New York Governor Andrew Cuomo has signed into law a bill which, effective immediately, prohibits employers from accessing information on employees’ or dependents’ reproductive health without prior consent.
Specifically, the new law prohibits an employer from “accessing an employee’s personal information regarding the employee’s or the employee’s dependent’s reproductive health decision making, including but not limited to, the decision to use or access a particular drug, device or medical service without the employee’s prior informed affirmative written consent.” Employers are also prohibited from requiring an employee to sign a waiver or other document which purports to deny an employee the right to make their own reproductive health care decisions, including use of a particular drug, device or medical service. The bill also generally prohibits discrimination and retaliatory action against an employee with respect to “compensation, terms, conditions or privileges of employment because of or on the basis of the employee’s or dependent’s reproductive health decision making, including but not limited to, a decision to use or access a particular drug, device or medical service.”
Employees may bring a civil action against an employer for violation of the law and recover back pay, benefits, reasonable attorneys’ fees and costs. Other available remedies include injunctive relief, reinstatement and liquidated damages equal to 100% of the award for damages, unless the employer proves a good faith basis to believe that its actions in violation of the law were in compliance with the law.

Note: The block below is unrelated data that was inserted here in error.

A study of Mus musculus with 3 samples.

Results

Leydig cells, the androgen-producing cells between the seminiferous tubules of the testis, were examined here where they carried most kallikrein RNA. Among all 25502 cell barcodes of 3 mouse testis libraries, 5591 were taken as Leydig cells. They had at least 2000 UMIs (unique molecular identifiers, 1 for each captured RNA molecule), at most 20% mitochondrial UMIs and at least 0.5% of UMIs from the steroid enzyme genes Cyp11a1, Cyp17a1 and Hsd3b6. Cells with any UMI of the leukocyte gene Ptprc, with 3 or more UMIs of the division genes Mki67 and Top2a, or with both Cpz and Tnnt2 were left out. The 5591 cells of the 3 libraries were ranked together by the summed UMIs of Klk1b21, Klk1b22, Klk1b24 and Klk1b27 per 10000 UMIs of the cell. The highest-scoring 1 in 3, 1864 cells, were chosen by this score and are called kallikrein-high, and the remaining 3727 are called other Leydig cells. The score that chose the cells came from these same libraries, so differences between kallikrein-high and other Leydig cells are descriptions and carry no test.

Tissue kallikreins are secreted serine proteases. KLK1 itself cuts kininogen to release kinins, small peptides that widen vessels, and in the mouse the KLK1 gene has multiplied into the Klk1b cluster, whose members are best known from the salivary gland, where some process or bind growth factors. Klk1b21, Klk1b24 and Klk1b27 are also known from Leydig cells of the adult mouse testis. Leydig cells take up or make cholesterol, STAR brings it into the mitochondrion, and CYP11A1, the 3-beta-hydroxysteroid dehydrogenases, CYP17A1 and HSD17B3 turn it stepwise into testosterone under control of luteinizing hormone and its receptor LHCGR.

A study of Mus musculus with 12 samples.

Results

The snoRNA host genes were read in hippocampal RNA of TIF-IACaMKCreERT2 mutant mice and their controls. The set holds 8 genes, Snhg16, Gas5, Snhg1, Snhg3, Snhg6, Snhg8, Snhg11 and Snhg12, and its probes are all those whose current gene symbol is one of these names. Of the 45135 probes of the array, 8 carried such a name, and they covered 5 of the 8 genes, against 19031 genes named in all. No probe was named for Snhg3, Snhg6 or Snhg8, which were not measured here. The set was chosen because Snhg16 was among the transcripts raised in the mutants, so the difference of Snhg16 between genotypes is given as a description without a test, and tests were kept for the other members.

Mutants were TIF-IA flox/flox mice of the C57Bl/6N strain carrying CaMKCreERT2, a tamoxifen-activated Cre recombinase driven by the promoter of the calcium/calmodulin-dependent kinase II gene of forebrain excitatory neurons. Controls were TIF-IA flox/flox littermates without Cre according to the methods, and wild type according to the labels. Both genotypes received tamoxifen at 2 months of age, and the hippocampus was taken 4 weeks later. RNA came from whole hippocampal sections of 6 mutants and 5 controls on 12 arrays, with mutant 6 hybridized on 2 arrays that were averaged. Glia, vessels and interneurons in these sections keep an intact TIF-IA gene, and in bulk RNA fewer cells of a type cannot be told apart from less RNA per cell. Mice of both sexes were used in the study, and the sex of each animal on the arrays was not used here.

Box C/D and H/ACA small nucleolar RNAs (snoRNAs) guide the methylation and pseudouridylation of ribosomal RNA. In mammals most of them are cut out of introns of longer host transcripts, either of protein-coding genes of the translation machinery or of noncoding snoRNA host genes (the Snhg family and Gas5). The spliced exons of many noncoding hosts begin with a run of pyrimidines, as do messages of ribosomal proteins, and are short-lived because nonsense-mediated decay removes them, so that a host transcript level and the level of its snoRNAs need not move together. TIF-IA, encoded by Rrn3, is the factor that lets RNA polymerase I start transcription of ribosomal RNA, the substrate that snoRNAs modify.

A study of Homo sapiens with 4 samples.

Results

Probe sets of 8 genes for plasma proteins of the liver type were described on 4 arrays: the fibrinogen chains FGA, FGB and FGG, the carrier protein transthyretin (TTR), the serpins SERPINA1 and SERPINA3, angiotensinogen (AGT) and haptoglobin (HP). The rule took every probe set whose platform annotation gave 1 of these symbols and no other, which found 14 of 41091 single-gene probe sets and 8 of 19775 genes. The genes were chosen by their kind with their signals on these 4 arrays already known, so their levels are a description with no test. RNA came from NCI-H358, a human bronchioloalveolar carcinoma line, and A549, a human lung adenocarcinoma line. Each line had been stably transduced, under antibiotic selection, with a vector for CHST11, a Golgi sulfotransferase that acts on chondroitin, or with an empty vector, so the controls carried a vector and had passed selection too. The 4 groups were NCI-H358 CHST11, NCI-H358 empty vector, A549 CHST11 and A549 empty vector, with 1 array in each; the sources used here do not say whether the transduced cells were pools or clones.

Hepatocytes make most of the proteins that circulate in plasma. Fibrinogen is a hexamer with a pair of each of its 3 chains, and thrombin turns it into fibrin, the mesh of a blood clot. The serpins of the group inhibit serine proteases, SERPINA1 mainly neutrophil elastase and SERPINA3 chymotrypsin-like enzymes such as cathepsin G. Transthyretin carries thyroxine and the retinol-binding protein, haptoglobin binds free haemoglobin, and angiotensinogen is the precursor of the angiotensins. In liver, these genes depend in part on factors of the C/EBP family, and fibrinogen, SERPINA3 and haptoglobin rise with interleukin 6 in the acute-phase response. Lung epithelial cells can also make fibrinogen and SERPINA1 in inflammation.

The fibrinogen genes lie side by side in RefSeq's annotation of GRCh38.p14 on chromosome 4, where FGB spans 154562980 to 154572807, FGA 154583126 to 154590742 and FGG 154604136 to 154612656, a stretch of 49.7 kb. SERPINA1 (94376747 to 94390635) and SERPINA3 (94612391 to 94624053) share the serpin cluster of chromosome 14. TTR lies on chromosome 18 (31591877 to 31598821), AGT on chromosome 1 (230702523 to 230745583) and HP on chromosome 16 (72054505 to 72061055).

Moreover, an employer that engages in retaliation is subject to separate civil penalties. For purposes of this provision, retaliation is defined as discharging, suspending, demoting or otherwise penalizing an employee for:
- Making or threatening to make, a complaint to an employer, co-worker, or to a public body, that rights guaranteed under the law have been violated;
- Initiating any proceeding under or related to the law; or
- Providing information to, or testifying before, any public body conducting an investigation, hearing, or inquiry into any such violation of the law.
Notably, employers that maintain an employee handbook must include in the handbook a notice of employee rights and remedies under this law. Employers in New York should therefore review and revise their existing handbooks to ensure compliance with these new requirements.